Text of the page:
We asked luxury travelers to share which Regent Seven Seas Cruises’ Mediterranean destination was their favorite when it comes to history and received a surge of submissions, from the famed ruins of Athens to the wondrous sites of Jerusalem and the architectural glory of Venice. However, there was one clear winner: marvelous Rome, Italy.
Wherever you go, you will walk through the pages of history. See Colle Oppio, a hill overlooking the Colosseum and the Roman Forum, and continue on to The Church of St. Peter in Chains, believed to contain the saint’s prison chains. Inside you can admire Michelangelo’s statue of Moses holding the Ten Commandments.
Another must-see is the Colosseum, the largest amphitheater ever built in Rome. It was originally called the Flavian Amphitheater to honor the Royal Family Flavia, who built it. Construction started under the Emperor Vespasian in 72 A.D. and was finished during the reign of the Emperor Titus. Enter the site where Romans enjoyed spectacular shows of gladiatorial combats, fights with wild beasts and games. The amphitheater once held as many as 50,000 people, who would watch the games.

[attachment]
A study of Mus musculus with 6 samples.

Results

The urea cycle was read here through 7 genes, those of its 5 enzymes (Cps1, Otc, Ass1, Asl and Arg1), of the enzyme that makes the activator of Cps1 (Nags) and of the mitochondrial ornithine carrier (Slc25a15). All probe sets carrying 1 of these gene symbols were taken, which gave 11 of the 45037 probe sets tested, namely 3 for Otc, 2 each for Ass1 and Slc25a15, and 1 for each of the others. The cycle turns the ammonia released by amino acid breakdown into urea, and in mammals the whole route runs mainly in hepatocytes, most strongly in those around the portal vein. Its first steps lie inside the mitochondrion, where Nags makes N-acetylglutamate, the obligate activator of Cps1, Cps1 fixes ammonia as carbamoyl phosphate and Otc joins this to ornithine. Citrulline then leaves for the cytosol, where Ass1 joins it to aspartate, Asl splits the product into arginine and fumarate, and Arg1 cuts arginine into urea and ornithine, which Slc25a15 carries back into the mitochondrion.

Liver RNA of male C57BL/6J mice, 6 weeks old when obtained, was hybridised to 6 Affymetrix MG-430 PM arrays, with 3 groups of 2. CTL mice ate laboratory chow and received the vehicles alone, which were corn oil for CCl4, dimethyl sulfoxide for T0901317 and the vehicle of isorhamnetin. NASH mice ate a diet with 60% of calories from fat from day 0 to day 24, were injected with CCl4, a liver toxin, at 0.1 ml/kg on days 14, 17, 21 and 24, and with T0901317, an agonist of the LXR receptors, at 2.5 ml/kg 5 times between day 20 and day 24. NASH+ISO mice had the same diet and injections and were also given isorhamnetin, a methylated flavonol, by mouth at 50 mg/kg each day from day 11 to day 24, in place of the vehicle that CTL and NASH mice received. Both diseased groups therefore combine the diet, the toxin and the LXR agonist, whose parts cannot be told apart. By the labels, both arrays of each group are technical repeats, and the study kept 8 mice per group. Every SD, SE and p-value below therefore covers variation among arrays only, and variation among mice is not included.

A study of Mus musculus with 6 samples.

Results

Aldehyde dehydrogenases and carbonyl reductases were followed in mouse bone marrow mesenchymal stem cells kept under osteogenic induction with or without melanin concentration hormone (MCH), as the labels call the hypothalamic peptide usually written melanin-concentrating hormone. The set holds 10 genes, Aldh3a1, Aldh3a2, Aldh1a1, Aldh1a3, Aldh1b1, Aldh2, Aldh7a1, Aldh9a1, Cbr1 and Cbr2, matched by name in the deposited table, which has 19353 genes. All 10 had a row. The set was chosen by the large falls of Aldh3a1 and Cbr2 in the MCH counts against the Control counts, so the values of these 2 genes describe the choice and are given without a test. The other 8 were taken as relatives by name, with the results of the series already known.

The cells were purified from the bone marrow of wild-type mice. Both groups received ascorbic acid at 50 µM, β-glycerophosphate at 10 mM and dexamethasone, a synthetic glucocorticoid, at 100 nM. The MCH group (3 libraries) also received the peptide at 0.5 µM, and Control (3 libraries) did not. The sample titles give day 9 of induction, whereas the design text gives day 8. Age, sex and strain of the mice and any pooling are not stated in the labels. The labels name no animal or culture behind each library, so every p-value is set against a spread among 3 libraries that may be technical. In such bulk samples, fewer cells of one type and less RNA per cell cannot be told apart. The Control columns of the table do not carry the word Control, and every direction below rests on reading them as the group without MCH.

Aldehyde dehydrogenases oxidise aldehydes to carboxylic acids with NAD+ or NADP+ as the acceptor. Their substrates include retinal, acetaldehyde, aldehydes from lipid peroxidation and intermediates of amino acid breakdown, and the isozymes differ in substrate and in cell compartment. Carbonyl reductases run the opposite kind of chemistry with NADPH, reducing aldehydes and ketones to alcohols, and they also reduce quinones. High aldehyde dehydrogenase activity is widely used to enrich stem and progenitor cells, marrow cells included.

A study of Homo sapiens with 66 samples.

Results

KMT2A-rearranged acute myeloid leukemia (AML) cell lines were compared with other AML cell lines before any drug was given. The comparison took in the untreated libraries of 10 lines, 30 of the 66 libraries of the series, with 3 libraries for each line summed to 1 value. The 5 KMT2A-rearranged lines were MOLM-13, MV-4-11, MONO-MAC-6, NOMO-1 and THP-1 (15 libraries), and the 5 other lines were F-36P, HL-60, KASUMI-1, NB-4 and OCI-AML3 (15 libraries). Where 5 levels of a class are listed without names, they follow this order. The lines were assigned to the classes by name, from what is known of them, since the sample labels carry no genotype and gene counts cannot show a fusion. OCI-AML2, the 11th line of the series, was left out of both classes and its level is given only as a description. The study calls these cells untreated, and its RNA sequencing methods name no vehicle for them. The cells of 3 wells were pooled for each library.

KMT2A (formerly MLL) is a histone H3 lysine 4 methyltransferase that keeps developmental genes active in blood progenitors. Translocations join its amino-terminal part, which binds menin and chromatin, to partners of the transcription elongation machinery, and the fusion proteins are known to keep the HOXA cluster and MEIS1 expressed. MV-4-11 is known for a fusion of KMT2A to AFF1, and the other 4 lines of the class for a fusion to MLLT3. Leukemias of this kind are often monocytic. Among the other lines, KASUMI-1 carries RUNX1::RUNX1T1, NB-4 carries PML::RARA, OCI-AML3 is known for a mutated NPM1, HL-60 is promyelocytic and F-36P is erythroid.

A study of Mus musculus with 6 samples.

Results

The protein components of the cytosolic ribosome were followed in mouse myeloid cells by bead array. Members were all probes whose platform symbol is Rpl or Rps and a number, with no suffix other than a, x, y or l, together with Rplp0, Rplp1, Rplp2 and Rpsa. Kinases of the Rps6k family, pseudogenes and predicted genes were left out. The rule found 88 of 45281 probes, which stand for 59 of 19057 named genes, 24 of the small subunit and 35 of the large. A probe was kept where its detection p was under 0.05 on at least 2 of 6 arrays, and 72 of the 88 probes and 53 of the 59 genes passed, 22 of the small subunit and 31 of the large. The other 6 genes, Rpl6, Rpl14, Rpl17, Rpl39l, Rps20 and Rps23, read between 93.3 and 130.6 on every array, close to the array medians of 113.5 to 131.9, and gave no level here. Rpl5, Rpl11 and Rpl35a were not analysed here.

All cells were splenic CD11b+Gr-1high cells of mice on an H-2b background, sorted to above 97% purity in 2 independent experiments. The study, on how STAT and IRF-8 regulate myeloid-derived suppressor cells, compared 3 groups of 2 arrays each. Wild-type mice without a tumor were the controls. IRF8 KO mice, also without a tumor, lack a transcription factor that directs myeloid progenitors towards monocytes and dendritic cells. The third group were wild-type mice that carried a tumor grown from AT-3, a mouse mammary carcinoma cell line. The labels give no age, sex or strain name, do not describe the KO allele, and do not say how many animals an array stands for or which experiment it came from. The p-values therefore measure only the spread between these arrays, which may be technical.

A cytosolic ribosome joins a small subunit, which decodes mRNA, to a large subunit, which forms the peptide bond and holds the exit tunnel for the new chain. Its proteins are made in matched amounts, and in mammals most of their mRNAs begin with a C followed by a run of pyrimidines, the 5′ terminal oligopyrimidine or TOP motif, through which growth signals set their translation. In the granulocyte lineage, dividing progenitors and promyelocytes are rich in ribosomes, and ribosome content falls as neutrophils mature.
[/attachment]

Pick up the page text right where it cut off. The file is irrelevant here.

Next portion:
Walk through the Sacred Way, along which victorious generals marched in triumph to the Curia. Also, see the altar where the body of Julius Caesar was cremated and from which Marc Anthony made his famous speech. Explore St. Peter’s Square and St. Peter’s Basilica, begun in 1452 on the site where St. Peter was buried. Throughout the following 200 years, such masters as Michelangelo, Raphael and Bernini worked on its design and created an unparalleled masterpiece. Admire the astonishing beauty of Michelangelo’s most famous sculpture, the marble Pietà, and the marvelous bronze canopy over the high altar by Bernini.
This summer, explore the colossal history in Rome with FREE Unlimited Shore Excursions on your voyage aboard Seven Seas Voyager®:
Visit the Romanesque Church of San Francesco, the largest church in Tarquinia, before seeing the Town Hall Lodge, a 14th-century building. The Cathedral with its impressive facade and the Palazzo dei Priori of a massive urban fortification was built in the first half of the 15th century by Cardinal Vitelleschi, who was a powerful plenipotentiary and supreme strategist of the Roman Curia.
Founded by King Anco Marzio around the 4th century BC, Ostia Antica was Rome’s main commercial port and military base, with a population in its peak of nearly 100,000 inhabitants. Barbarian invasions and malaria led to the decline of city and eventually all the inhabitants abandoned it. Buried for centuries by sand, the city has now been excavated and offers a remarkable picture of life in the Roman Empire.
Visit the Etruscan Necropolis, the final resting site of Etruscan royalty, and see numerous tombs with colorful paintings, which are of the utmost archaeological importance for the light they shed on Etruscan civilization. These are the only examples of painted Etruscan tombs in the world.
Share your favorite Roman site in the comments below.